Russian Troops Stage Drills On Ukraine Border, And Time's A-Ticking Before Crimea Votes On Joining The Federation

Thousands of Russian troops staged military exercises on Ukraine's border Thursday, raising concerns about a possible invasion. Tensions continue to rise as international officials scramble to reach a agreement before a popular vote in Crimea on March 16 decides whether the peninsula will join the Federation. On Friday, U.S. Secretary of State John Kerry is holding talks with Russian Foreign Minister Sergei Lavrov in a last-ditch attempt to work things out.

As armored vehicles and forces gathered and an additional 10,000 Russian soldiers staged drills near the nation's border, Ukraine's interim leader Arseniy Yatsenyuk still insists there's a chance for peace.

Unfortunately, Russia seems to be doing everything but backing down. President Vladimir Putin is singing the same song, insisting the crisis in Ukraine was caused by internal factors, not by his country, according to CNN. Still, there's no denying the country's current involvement and the fact that military drills are amping up. The exercises include rocket launches, anti-tank cannons and assault helicopters.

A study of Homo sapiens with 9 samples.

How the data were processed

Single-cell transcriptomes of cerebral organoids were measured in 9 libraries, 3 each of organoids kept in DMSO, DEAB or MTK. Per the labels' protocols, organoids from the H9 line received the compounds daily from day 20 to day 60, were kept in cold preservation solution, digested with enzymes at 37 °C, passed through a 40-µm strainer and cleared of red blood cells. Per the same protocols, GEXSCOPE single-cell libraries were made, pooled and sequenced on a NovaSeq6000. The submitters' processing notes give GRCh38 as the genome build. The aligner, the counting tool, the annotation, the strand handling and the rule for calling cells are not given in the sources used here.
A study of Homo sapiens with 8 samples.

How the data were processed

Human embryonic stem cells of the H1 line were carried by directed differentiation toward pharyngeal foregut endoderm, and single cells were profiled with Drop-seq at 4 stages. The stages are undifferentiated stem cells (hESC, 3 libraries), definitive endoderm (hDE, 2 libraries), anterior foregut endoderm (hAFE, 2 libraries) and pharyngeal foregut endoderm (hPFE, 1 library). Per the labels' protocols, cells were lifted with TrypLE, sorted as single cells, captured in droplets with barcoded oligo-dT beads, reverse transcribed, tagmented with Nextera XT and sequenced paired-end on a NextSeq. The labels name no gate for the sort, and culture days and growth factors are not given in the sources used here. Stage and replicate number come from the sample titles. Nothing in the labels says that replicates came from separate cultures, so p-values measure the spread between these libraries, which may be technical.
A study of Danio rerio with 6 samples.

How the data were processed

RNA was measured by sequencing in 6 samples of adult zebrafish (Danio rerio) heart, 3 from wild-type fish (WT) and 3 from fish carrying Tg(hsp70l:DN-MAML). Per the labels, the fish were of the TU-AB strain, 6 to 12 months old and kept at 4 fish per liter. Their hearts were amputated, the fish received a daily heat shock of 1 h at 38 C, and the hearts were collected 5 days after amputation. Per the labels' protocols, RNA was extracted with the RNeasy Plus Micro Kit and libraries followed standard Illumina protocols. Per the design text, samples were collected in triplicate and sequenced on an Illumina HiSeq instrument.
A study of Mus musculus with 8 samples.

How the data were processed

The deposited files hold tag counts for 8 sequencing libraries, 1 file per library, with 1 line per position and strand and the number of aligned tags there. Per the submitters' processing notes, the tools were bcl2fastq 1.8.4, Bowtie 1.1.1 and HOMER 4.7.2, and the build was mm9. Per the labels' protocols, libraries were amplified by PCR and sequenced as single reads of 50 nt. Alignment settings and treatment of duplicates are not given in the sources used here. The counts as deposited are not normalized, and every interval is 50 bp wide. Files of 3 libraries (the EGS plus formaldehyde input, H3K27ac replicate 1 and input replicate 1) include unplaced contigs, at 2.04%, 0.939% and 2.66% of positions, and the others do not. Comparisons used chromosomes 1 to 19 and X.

Meanwhile, protests and clashes continue throughout Ukraine. The latest violence killed two pro-Ukraine protesters and injured dozens in the eastern city of Donetsk after pro-Russia demonstrators attacked the group with eggs, stun grenades, and firecrackers. The victims were participating in a "For a United Ukraine" rally.

Primary focus has still been on the autonomous region of Crimea, where majority of the population culturally identifies with Russia and speaks the language. Earlier in the month, Crimean lawmakers voted to ask to leave Ukraine and become a part of Russia, deciding on a referendum to enforce their resolve.

Germany and the United States have made last-minute attempts to put the pressure on Russia before the Crimean public vote on Sunday, with German Chancellor Angela Merkel threatening "massive" political and economic consequences to the country and Secretary of State John Kerry warning of "very serious" sanctions. Ukraine, the United States and the European Union have called the vote illegal.